A MARTÍNEZ, HOST:

In China, the annual session of parliament, the National People's Congress, began over the weekend.

STEVE INSKEEP, HOST:

It's a meeting of everybody who's anybody in the Communist Party in the government. In a sense, only one person is anybody - Xi Jinping, the longtime leader of both party and state. As he prepares for a third term, his country faces the damage of the pandemic and the strain of competition with the United States. He's expected to reshuffle some personnel.

MARTÍNEZ: NPR's John Ruwitch joins us from Beijing. He's following the congress.

John, what's going to happen there this week?

JOHN RUWITCH, BYLINE: Well, the big thing is going to be that personnel reshuffle, those personnel changes in government. They're going to be sweeping. And this is being seen, as Steve mentioned, as sort of a continuation of Xi Jinping's efforts to consolidate power. You know, Xi Jinping himself will get a third term as president. That hasn't happened in many, many years. There will be a new premier, who's the No. 2 in the government, new vice premiers, who play a key role in policymaking and administration, new cabinet, from the defense minister, central banker on down.

The reshuffle brings a period of a bit of uncertainty, though. You know, some of the people who are leaving have a lot of experience and are arguably market oriented. The new guys, some of the key ones at the top especially, have limited experience on the national level. And by and large, they're Xi Jinping's allies and are believed to have gotten where they are because of that. They face huge challenges. And Willy Lam, who's an expert in Chinese politics at the Jamestown Foundation, is not optimistic about what Xi Jinping is doing here.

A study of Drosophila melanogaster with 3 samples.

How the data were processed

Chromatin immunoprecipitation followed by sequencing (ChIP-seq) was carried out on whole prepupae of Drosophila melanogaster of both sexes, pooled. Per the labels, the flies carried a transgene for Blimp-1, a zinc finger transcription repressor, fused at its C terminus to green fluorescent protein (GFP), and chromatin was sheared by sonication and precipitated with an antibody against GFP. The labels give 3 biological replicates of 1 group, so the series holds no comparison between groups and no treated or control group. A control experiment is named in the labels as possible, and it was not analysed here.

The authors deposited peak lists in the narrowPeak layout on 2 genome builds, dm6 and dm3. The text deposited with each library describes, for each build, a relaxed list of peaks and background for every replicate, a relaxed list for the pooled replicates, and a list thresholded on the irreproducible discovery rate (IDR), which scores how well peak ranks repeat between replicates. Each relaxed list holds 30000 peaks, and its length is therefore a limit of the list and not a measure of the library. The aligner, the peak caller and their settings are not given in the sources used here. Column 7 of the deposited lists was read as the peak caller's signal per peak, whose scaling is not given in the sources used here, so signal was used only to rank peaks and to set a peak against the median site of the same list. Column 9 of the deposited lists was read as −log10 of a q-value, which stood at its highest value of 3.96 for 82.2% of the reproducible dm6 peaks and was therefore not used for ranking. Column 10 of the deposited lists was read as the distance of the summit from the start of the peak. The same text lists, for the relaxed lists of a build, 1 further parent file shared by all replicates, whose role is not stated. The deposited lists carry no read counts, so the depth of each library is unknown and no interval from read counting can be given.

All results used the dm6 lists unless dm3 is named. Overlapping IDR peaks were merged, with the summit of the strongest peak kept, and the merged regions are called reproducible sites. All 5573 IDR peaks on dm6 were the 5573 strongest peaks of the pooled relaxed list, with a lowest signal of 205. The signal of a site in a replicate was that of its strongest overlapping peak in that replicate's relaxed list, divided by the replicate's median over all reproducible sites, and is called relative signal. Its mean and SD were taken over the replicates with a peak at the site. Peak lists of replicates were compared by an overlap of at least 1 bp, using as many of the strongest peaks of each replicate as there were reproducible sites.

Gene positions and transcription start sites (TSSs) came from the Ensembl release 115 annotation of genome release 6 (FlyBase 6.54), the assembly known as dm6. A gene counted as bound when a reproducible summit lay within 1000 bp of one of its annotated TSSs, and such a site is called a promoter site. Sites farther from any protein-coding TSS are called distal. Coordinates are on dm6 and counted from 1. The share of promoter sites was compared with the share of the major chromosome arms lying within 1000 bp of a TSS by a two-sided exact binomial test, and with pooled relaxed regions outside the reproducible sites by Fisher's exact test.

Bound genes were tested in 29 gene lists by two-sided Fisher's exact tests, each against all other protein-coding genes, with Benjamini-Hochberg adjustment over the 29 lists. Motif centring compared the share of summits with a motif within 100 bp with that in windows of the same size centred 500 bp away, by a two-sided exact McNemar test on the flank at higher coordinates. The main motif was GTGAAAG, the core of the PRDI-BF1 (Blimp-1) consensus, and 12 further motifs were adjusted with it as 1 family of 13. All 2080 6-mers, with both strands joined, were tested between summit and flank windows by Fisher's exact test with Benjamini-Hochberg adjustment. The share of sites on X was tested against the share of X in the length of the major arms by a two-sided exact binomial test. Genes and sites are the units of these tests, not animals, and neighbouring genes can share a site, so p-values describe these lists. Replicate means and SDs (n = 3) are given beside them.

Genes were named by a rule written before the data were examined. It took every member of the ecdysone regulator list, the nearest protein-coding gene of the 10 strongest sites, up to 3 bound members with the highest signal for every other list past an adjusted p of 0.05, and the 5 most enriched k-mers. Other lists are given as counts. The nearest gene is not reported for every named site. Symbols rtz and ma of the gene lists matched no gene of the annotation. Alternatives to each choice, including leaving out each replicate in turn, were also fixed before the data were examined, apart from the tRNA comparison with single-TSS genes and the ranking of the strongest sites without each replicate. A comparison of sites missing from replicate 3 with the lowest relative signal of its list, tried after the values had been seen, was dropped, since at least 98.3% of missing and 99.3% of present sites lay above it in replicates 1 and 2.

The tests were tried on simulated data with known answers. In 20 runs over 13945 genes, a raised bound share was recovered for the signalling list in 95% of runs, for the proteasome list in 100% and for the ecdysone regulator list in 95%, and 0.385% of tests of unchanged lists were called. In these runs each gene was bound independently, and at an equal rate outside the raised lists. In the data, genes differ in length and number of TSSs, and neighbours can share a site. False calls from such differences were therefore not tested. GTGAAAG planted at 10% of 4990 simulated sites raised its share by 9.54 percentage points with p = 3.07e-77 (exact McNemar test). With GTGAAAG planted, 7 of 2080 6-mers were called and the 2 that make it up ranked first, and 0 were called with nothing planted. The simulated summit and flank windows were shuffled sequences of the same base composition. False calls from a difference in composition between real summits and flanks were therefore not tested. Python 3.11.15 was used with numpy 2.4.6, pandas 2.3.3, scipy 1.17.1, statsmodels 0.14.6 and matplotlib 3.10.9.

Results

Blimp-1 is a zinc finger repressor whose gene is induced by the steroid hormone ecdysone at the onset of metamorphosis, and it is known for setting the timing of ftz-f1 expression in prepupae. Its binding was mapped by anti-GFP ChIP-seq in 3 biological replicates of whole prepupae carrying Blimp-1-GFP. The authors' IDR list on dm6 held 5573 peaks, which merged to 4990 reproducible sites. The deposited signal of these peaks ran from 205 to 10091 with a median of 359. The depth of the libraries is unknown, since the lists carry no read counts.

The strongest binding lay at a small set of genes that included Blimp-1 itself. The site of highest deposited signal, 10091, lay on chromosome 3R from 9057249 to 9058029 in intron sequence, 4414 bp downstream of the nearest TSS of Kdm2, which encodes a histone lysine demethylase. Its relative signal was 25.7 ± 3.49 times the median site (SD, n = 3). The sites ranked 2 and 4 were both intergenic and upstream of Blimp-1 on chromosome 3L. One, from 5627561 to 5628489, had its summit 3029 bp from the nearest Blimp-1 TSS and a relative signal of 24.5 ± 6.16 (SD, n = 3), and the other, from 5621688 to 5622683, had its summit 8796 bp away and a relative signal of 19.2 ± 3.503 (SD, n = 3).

WILLY LAM: He is much more interested in promoting people who he can trust, who are loyal to himself, rather than people who are experts in finance or in other areas of administration.

RUWITCH: One more quick thing to add is that the parliament is going to pass a plan to reform and restructure state institutions. The details haven't been made public. There's speculation that it will mean more centralized regulation of finance, security agencies, technology. And again, analysts see this as just more, you know, consolidation of power in the hands of Xi Jinping and the party.

MARTÍNEZ: And the challenges that China faces. I mean, coming out of zero-COVID, the economy is sluggish right now, and there's been a lot of pushback on government policies.

RUWITCH: Correct. You know, one thing this parliament does is sets targets for the coming year. And the outgoing premier announced the new GDP target for this year on Sunday. That target is around 5%. That's the lowest it's been in years. And it comes after China, you know, recorded 3% growth last year, which was among its lowest in a half a century.

There are knock-on effects of the economic problems brought on by those zero-COVID policies. Local government finances are strained, and that's created some friction and even sparked recent protests, like in cities like Wuhan and Dalian, over government health care coverage, things like that. We talked with a retired guy here on the streets of Beijing. His surname is Zhang. And like a lot of people in China, when he was speaking frankly about policies, he didn't want us to use his full name.

ZHANG: (Speaking Mandarin).

RUWITCH: He told us he's watching the congress pretty closely. His main concerns are those sort of bread-and-butter issues like health care, his pension. He's disillusioned, though.

ZHANG: (Speaking Mandarin).

RUWITCH: He thinks that the leadership is increasingly out of touch. They don't get what it's like for normal people anymore. And he says there's just no easy way for people to make their concerns heard.

MARTÍNEZ: And, John, what about the friction China's been having with the U.S. and other Western countries? Will that come up?

RUWITCH: It will. It hasn't come up publicly yet. The foreign minister is due to hold a press conference tomorrow, I believe. And in a week, you know, the new premier will meet the press. Xi Jinping himself will give a speech. So we'll hear about it. I wouldn't expect any major policy changes or major shifts in the direction of China's stance toward the U.S. or Ukraine.

MARTÍNEZ: That's NPR's John Ruwitch in Beijing.

John, thanks.

RUWITCH: You bet, A. Transcript provided by NPR, Copyright NPR.

A Martínez is one of the hosts of Morning Edition and Up First. He came to NPR in 2021 and is based out of NPR West.
John Ruwitch is a correspondent with NPR's international desk. He covers Chinese affairs.